1. Nov 20, 2004 #1

    Tsu

     
    Last edited: Nov 20, 2004

    loseyourname

     
  4. Nov 20, 2004 #3

    Tsu


    p.s.
    No. I don't have a link to the actual bill itself. If you want to read it - well, that's what Google is for. :wink: :biggrin:
     
  5. Nov 20, 2004 #4

    loseyourname

     
  6. Nov 20, 2004 #5

    Tsu

     
  7. Nov 20, 2004 #6

    loseyourname

     
  8. Nov 20, 2004 #7

    Tsu

     
  9. Nov 20, 2004 #8

    loseyourname

     
  10. Nov 20, 2004 #9

    Tsu

     
  11. Nov 20, 2004 #10

    loseyourname


    Here, I found a list of piggybacked bills in the Kentucky legislature from the year 1998. I haven't looked through all of them, but the ones I have looked at all increase the efficacy and funding of child welfare programs. I wonder if you think these are a sleazy undermining of democracy?
     
  12. Nov 20, 2004 #11
    Loseyourname, your trust in your government is admirable, if slightly foolish.
     
  13. Nov 20, 2004 #12

    loseyourname

     
  14. Nov 20, 2004 #13

    loseyourname

     
  15. Nov 20, 2004 #14

    Tsu

     
  16. Nov 20, 2004 #15

    Tsu

     
  17. Nov 20, 2004 #16

    loseyourname


    Jesus Tsu! Would going back to sleep really promote my civil liberties, or are you just being a little ridiculous here?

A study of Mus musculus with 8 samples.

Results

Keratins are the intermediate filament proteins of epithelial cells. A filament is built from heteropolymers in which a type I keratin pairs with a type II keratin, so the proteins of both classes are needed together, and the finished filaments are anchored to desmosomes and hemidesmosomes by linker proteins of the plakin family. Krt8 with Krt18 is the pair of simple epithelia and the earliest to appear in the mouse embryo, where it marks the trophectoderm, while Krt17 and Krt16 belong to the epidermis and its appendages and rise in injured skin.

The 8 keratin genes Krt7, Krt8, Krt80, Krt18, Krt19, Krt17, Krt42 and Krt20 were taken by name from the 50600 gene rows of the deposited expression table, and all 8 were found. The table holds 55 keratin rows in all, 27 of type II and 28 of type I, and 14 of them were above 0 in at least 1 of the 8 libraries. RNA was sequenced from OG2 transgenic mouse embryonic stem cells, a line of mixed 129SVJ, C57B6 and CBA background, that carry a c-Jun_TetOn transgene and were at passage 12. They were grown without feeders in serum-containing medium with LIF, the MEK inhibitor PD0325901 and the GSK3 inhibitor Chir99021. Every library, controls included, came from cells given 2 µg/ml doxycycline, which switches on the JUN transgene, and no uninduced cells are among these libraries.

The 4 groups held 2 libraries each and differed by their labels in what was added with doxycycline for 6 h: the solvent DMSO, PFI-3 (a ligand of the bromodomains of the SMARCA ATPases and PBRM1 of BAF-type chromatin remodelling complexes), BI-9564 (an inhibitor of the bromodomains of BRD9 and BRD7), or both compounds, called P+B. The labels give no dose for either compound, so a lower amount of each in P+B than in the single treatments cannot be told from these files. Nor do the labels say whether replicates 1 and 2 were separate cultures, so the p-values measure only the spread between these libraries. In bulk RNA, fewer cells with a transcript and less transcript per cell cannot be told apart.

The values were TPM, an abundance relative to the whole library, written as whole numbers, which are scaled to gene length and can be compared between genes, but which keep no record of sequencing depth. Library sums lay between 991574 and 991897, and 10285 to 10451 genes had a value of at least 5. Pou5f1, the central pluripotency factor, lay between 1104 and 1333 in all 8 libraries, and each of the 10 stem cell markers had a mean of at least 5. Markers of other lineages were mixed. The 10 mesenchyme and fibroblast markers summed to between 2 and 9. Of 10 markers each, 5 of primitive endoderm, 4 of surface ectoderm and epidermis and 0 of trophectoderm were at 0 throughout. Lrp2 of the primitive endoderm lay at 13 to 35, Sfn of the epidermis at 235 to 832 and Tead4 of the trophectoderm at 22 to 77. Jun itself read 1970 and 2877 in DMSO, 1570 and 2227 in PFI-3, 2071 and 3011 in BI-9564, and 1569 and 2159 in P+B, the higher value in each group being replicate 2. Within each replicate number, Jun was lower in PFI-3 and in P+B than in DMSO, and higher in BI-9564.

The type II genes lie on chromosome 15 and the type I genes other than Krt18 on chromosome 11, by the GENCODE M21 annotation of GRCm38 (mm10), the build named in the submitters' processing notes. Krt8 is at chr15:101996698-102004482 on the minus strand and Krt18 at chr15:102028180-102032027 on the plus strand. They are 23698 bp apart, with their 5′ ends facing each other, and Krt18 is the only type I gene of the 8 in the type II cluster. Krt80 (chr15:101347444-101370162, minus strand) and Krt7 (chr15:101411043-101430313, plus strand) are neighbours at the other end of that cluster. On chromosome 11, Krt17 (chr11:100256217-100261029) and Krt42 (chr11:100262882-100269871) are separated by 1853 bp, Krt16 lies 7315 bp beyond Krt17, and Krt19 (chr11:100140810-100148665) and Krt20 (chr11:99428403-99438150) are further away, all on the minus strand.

18. Nov 20, 2004 #17

    russ_watters

     
  19. Nov 20, 2004 #18

    GENIERE


    ..
     
  20. Nov 20, 2004 #19

    plover


    And anything that's got the fetus über alles crowd pitching rhetoric like "government agencies [coercing] health care providers to participate in abortions" definitely needs some vetting.

    In the end, however, the Times is annoyingly vague on precisely what those opposing the provision expect to happen if it is passed, so other than the procedural sliminess, it is hard to know what to make of the issue. But if this provision would have had no chance of being passed without parasitizing a do-or-die bill then it should definitely not be there.
     
  21. Nov 20, 2004 #20
    No you don't get it.

    There is nothing sleezy or wrong here. All they are doing is saying doctors don't have to do that if they choos not to. You are making crap up in your posts about this being an attempt to reduce civil rights. Its not.

    PLease show me wher ein the constitution it says a woman haas the right to choose? I'm not even going to bother using anti-abortion language, because either way it is not there. That said i still don't think it should be made illegal, but thats for seperate reasons altogether.

    You know what democrats tried to sneak through the legisalture in a bill limiting methane emissions from the posteriors of cows?

    Free tuition for illegal aliens at public universities--thats right, giving foreign cirminals completely free education. Thats a hell of a lot worse than trying to keep doctors from being punished for excersizing their right to choose. Thats because the democrats are such upstanding citizens themselves.

    You are as hypocritical as your party affiliation, and just as lacking in reason.